Of course the title is half joke, but still, half serious. Being burdened with multiple tight deadlines in the last two weeks I often contemplated about the process of getting into the creative mood/process. It is not something you can precisely plan ahead.
Many times I wish it could be as simple as a morning routine:
- wake up
- make breakfast for the family
- go to work
- and then, simply be creative
But this is not how life works. Sometimes creativity just here with me, no need to wait, no need to try things, just go on and work. These are the good moments or days. But there are those other days, when creativity seems to take a “vacation” and doesn’t want to be with me.
When the deadlines are here to make me mad, I have to do something to open up the door, and let creativity come in. Obviously it’s not an easy task, but I have some tips that helps me, and might help you to get over the hard times.
1. get over it, accept it
Getting mad won’t help you out. Yes, it always feels like one of the most hopeless thing, but we all know that it will end, and eventually creativity is going to come back from its “vacation”. If you constantly focusing on the problem, it will get worse, and if it get worse you’ll be getting more furious, which inevitably will make the situation even harder to treat. Instead of anger try to focus on some little good things (tea, weather, music, anything really), but make sure you try to stimulate your brain with some positive attitude.
2. get a break, but not from the job
Maybe the best thing in these hard times would be to go away and do something completely different, but unfortunately deadlines are not such free creations, they are mandatory.
To break this, simply start doing it. If that day your job is to cut some ambiences, do it. If you need to create something special, do it.
I know it may sound stupid, but this is one the best method. Do not concentrate on the bad things, just do what you have to do.
Alternatively try to audition sound effects randomly. Don’t force yourself to search for specific categories, or something closely related to the current job, just listen, wander through the libraries. Many times, you’ll find some really interesting sounds, and probably uncounsciously your brain will start to connect the sonics with the project.
3. be prepared for these scenarios
Make no mistake, these moments will happen. The best thing we can do is to prepare ourselves, to arm our mind with the necessary weapons to fight them. I usually try to build a schedule which contain so called “experimental times”. These experiments literally push me through the “hole”. It may sound strange as experimentation is already a part of our job, our daily life, but still, under pressure it is so easy to forget these simple necessities.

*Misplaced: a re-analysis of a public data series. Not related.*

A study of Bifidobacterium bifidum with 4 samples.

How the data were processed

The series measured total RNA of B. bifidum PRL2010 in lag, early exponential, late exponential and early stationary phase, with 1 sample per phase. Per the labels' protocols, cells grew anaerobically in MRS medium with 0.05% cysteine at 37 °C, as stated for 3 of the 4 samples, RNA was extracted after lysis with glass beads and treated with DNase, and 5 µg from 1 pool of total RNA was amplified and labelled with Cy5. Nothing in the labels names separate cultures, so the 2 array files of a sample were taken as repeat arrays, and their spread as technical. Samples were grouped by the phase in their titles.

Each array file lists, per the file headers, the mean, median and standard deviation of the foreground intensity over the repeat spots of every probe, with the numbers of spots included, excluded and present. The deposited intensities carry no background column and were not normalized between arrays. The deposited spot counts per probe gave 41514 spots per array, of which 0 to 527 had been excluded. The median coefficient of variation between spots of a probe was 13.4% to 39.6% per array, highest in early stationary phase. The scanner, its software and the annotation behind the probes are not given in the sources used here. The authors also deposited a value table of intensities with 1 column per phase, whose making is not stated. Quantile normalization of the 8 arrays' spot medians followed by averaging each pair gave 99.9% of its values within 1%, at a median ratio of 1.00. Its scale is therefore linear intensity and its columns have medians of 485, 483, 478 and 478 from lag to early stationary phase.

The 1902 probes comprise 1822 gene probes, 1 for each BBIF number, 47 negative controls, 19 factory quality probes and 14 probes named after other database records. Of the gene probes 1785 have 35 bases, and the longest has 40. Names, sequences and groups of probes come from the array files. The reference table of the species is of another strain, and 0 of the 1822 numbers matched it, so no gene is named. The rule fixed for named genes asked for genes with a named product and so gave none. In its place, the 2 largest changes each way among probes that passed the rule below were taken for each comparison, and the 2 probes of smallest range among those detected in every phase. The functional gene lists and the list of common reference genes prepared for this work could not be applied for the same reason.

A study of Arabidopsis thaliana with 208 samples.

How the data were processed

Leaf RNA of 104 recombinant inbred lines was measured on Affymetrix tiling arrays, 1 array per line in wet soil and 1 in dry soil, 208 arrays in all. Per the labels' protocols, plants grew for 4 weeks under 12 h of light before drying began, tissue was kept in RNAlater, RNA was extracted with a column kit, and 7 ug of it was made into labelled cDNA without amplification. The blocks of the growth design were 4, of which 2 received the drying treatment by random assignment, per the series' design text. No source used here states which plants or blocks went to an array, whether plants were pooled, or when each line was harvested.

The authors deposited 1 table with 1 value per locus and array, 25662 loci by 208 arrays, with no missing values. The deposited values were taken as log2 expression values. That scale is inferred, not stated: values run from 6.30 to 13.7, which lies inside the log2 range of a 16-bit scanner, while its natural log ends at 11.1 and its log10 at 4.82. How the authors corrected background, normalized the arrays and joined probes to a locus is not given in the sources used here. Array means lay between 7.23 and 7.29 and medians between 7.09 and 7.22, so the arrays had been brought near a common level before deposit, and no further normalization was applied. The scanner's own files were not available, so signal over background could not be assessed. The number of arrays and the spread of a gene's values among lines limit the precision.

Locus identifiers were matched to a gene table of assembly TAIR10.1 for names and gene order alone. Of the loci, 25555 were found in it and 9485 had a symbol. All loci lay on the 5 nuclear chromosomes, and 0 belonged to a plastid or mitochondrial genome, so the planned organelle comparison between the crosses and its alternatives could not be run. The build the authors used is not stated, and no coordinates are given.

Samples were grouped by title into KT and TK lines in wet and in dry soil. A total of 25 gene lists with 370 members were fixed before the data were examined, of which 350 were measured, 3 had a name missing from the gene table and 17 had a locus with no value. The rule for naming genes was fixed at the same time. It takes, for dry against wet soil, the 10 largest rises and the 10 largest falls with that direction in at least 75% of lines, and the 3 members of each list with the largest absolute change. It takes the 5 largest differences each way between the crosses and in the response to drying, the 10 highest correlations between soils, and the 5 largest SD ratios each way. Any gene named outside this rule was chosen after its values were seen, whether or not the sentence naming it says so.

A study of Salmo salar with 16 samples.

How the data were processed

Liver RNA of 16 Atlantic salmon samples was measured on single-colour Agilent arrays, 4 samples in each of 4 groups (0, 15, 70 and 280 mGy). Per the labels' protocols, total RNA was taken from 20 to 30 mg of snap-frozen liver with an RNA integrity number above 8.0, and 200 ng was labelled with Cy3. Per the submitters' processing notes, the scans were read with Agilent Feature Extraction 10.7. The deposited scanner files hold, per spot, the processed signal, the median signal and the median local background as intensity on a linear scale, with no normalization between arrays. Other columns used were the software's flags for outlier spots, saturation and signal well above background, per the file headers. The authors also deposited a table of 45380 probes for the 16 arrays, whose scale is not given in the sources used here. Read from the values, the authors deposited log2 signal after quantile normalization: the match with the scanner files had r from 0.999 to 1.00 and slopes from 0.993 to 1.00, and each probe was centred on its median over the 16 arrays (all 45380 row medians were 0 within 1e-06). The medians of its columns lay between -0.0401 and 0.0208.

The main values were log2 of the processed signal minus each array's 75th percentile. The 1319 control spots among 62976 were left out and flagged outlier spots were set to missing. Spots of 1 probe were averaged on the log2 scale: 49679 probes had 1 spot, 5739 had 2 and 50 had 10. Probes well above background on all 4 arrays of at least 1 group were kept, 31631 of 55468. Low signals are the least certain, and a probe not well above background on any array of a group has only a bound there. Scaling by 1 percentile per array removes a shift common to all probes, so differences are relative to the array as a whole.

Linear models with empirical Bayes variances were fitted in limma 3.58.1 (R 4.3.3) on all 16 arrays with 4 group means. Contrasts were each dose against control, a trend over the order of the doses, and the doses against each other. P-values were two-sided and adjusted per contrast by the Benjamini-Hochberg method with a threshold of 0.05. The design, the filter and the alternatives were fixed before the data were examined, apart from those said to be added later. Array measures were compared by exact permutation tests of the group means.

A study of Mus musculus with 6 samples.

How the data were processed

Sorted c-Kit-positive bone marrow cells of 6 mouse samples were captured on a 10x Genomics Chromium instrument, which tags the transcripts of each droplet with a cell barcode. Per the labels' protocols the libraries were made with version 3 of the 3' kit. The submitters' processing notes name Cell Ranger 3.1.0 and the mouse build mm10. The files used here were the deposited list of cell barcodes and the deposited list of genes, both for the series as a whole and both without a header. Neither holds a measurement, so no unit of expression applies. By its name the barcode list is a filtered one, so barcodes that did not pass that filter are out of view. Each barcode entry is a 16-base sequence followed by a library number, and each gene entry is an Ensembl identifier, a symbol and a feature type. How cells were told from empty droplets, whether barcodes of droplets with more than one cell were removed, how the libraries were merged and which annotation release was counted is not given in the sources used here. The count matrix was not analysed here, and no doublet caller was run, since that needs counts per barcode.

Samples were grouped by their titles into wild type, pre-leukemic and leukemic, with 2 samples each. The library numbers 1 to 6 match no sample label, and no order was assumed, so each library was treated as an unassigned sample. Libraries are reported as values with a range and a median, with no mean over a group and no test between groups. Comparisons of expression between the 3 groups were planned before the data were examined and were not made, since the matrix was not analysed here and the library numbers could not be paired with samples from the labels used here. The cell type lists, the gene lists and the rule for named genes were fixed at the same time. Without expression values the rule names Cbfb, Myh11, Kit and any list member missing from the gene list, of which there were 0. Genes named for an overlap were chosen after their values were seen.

4. be curious as a child
Be curious! I know it sounds obvious, but really, seriously press yourself toward the unknown, be curious about that “unknown” and try to discover as many aspects of that “unknown” as you can. This is almost the same as try to experiment as much as possible. This way, again, your brain will start to connect the dots without you noticing it, and it is possible that you will be back on the track before you realize it.
5. An invaluable tip from Shaun Farley (see comments)
“if you have time, sometimes it’s more efficient to start over than try to fix something that isn’t working.”
Consider it, because this one can easily save you days of struggling and frustration. Not to mention the fact that it is almost impossible to fix a “sequence” which is on the wrong track for far too long. The restart can free you up, inspire, so this might be the ticket for success.
These are not de facto recipies for success, but likely to help me/you to get over the bad, and continue to create when you have to.
For closing thougts, I’m going to quote one of my favourite little advice list from Randy Thom, which helped me many times, so I keep these notes with me all the time:
“So, Uncle Randy’s simple rules for being more creative are:
1. Learn your craft thoroughly, reading everything you can about the traditions and conventions of the craft, as well as experiments on the modern cutting edge.
2. Begin each project with few assumptions about the methods you will use. Let the needs of the project, most of which you won’t know until after you’ve gotten your feet wet, determine your approach.
3. Experiment as early and as often and as inexpensively as possible. Make lots of mistakes when mistakes are cheap.”